Sunday, December 05, 2010

Raise Those Glasses High, Boys and Girls!

Today is December 5th: the 77th anniversary of the date on which Prohibition was repealed by the 21st Amendment to the Constitution (which rescinded the 18th Amendment).

The key sections of the 18th Amendment to the Constitution, as ratified on January 16, 1919, read as follows:

"Section 1. After one year from the ratification of this article the manufacture, sale, or transportation of intoxicating liquors within, the importation thereof into, or the exportation thereof from the United States and all territory subject to the jurisdiction thereof for beverage purposes is hereby prohibited.

"Section 2. The Congress and the several States shall have concurrent power to enforce this article by appropriate legislation."

The 18th Amendment was a response to the political power of the temperance movement in the United States, which began in the early 19th century. At that time, many Americans were concerned about the adverse effects of drinking, and began to form temperance societies dedicated to the closing of saloons and the elimination of alcohol from American society. The 18th Amendment was enforced by the Volstead Act, which was passed over President Woodrow Wilson's veto on October 28, 1919. The Volstead Act created a special Prohibition unit within the Treasury Department which, in its first six months of operation, destroyed thousands of illegal distilleries (stills) operated by the makers of bootleg liquor. Despite their best efforts, however, federal agents and police did little more than slow the flow of booze, and organized crime boomed across the country to fill the demand for alcohol. Large-scale bootleggers like Al Capone of Chicago built criminal empires out of the manufacture, distribution, and sale of alcohol, and federal and state governments lost billions in tax revenue. In most urban areas, and particularly in blue-collar neighborhoods, the individual consumption of alcohol was largely tolerated and drinkers gathered at saloons known as "speakeasies" (because of the requirement to whisper a password to the guard at the door to gain admittance) or brewed often-poisonous "bathtub gin" at home.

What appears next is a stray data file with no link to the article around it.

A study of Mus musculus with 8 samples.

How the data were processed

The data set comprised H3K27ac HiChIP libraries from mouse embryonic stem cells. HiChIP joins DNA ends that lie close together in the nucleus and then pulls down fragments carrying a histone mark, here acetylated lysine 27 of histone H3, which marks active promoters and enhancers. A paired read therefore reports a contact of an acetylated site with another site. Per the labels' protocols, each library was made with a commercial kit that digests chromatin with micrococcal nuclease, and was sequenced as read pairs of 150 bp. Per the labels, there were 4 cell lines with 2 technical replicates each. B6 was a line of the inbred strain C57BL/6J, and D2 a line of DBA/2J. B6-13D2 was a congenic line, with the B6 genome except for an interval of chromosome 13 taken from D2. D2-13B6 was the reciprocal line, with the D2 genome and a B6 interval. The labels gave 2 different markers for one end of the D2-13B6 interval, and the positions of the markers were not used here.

Prohibition - a well-meaning attempt to resolve a societal issue through legislation - was a flop. But at least Congress recognized its mistake and repealed it. One has to wonder if anyone in Congress today would have the legislative cojones to admit disaster and move to repeal an ill-considered law.

Being a Member of Congress means never having to admit you're being stupid.

Anyhow, for those of you who are keeping count, because the 21st Amendment repealed the 18th Amendment, technically there have only been 25, and not 27 amendments to the Constitution. And you are able during this holiday season to enjoy comforting libations like Hot Buttered Rum, the German Feuerzangenbowle (concerning which I have a funny story to tell if you are interested), hot cocoa spiked with Peppermint Schnapps, and the delightful White Christmas (one ounce each of vodka, amaretto, and heavy cream shaken with a handful of ice, strained into a martini glass, and garnished with a bit of grated nutmeg).

Bottoms up!

Have a good day. Enjoy all things in moderation. Including moderation.

More thoughts tomorrow.



Bandit said...

The Busch fanily complex, Grant's Farm, is right here in S. St. Louis County. The local lore is that after the repeal of prohibition, the Clydesdales were sent to D. C. pulling their famous wagon to deliver some Budweiser to FDR at the Whitehouse.

Jean-Luc Picard said...

I'll drink to that!

Melissa B. said...

We always have a rousing classroom discussion when we discuss The Great Gatsby. Then I go home and raise a glass to my cherubs-when they pass the test!

Mike said...

I'm drinking to that right now.

KathyA said...

Does the White Christmas come with a side of Lipitor?